CMS releases new payment updates for MU penalties

The latest financial figures for meaningful use penalties and incentives were released by the Centers for Medicare & Medicaid Services at the recent meeting of the Health IT Policy Committee. Although most of the payment adjustments are exact, the CMS noted that the numbers referring to Medicare adjustments are merely estimates. 

Estimations have EPs paying $20 million in penalties
Many health care organizations wondered why the Medicare payment adjustments were published if they were not exact. Elisabeth Myers of the Office of eHealth Standards and Services at CMS explained that the release of the estimated figures for eligible professionals was requested by the Health IT Policy Committee and that they were determined by historical claims volumes.

"I do want to make it very, very clear that these are estimates, which is why they are very pretty round numbers," Myers told the committee at the meeting. "The reason that these are estimates is that the payment adjustment is not a flat amount – it is a percentage and it is a percentage of the claims that are submitted for Medicare services during 2015."

The majority of eligible providers are expected to see the lowest payment adjustments. The figures show that approximately 34 percent of eligible providers, a total of 87,000 of the 256,000 providers subject to penalties, will experience a Medicare payment adjustment somewhere between $1 and $250. Roughly 78,000, or 31 percent, will see adjustments of at least $2,000, and 55,000 will pay between $250 and $1,000. The smallest portion of providers, around 36,000, will be responsible for paying between $1,000 and $2,000.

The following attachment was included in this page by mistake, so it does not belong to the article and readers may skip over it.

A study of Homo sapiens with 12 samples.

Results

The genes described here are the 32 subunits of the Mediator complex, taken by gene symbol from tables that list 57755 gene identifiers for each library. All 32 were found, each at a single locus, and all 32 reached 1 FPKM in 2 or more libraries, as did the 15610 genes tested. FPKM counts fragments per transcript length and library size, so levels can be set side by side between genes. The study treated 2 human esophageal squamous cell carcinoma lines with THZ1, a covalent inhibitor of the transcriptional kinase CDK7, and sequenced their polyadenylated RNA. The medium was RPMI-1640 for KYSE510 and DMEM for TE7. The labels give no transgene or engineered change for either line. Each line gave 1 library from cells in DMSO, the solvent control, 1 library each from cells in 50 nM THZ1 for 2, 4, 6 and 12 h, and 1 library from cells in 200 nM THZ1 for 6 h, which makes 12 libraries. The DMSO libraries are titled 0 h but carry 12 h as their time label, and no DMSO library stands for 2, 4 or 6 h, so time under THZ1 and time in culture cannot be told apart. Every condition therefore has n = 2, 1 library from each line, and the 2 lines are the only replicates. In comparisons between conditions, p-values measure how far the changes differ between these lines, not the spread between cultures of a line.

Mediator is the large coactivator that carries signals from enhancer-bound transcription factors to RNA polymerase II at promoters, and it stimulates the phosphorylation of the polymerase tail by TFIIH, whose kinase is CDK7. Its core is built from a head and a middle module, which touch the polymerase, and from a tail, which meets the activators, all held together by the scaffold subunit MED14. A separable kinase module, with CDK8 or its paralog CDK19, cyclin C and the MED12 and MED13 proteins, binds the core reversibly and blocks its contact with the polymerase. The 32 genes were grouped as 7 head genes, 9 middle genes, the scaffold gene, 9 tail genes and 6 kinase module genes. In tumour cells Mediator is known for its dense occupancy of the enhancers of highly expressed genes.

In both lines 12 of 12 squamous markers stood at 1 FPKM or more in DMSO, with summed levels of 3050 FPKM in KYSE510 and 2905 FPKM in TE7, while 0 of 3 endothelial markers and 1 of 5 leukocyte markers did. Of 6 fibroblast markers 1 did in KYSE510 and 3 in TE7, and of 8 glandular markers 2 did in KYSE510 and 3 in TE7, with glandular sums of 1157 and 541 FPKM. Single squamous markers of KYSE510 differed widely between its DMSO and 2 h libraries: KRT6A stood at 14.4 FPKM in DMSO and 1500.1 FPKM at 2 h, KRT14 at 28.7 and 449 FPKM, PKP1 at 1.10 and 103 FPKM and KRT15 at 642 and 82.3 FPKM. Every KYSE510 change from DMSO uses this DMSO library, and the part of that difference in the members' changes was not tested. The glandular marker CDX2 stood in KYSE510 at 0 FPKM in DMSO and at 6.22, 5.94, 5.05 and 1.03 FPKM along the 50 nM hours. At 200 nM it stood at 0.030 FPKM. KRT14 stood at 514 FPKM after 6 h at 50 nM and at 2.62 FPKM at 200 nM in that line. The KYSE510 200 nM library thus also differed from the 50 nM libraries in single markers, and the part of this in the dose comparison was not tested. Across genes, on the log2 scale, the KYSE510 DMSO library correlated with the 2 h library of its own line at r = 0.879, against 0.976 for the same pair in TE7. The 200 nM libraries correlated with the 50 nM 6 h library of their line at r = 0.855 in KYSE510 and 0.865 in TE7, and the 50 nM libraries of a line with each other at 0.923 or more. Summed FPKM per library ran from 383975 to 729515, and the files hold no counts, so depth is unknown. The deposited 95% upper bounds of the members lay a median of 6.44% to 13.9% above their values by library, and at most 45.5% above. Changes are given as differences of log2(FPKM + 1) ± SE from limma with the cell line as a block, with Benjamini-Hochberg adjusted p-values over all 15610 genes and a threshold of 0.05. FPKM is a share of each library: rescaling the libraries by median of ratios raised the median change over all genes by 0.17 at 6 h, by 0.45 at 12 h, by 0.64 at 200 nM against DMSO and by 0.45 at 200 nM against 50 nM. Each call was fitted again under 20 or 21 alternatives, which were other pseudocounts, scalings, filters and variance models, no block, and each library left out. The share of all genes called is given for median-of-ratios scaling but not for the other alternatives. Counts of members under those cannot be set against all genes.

The CMS asked that providers submit an application for reconsideration by the end of February when it first revealed the number of eligible providers who would see 2015 Medicare payment adjustments in late December of last year.

New payments update alarms AMA
By the end of 2014, the total amount of EHR incentive payments had increased to $28.1 billion. According to EHR Intelligence, Medicare- and Medicaid-eligible providers received $6.8 billion and $3.4 billion, respectively, while eligible hospitals are responsible for $17.4 billion in payments. 

According to Medscape, last year when the CMS announced that 257,000 eligible professionals would be penalized by Medicare for failing to attest to meaningful use, the majority of members within the health care industry were furious. The American Medical Society called for the penalties to be eliminated. The AMA had a similar reaction to the latest figures.

"The AMA is alarmed … that more than three-quarters of eligible professionals still have been unable to attest to Meaningful Use," the AMA's president-elect Steven Stack said in a statement. "The program's one-size-fits-all approach, that has not been proven to improve quality, has made it difficult for physicians to take part." Stack explained that these large penalties providers are burdened with conflict with the goals of the program. The money that physicians use to pay off these fines could go toward an investment in enhanced technologies and alternative care models to improve quality.

The number of providers who attested to stage 2 meaningful use increased from 16,359 to 36,782, with 71,519 providers scheduled to attest. 

Most experts were not surprised to see that the meaningful use attestation figures for eligible hospitals remained the same as the previous month. Although 2,389 hospitals are scheduled to attest to the stage 2 program for at least the third year in a row, the attestation waiting period is currently closed.

As the CMS recently revealed, it will be working on creating a new rulemaking for meaningful use 2015 with the goal of shortening this year's reporting period, reducing the complexity of several aspects of the program and coordinating hospital reporting with the calendar year. This new rulemaking is likely to alter these figures.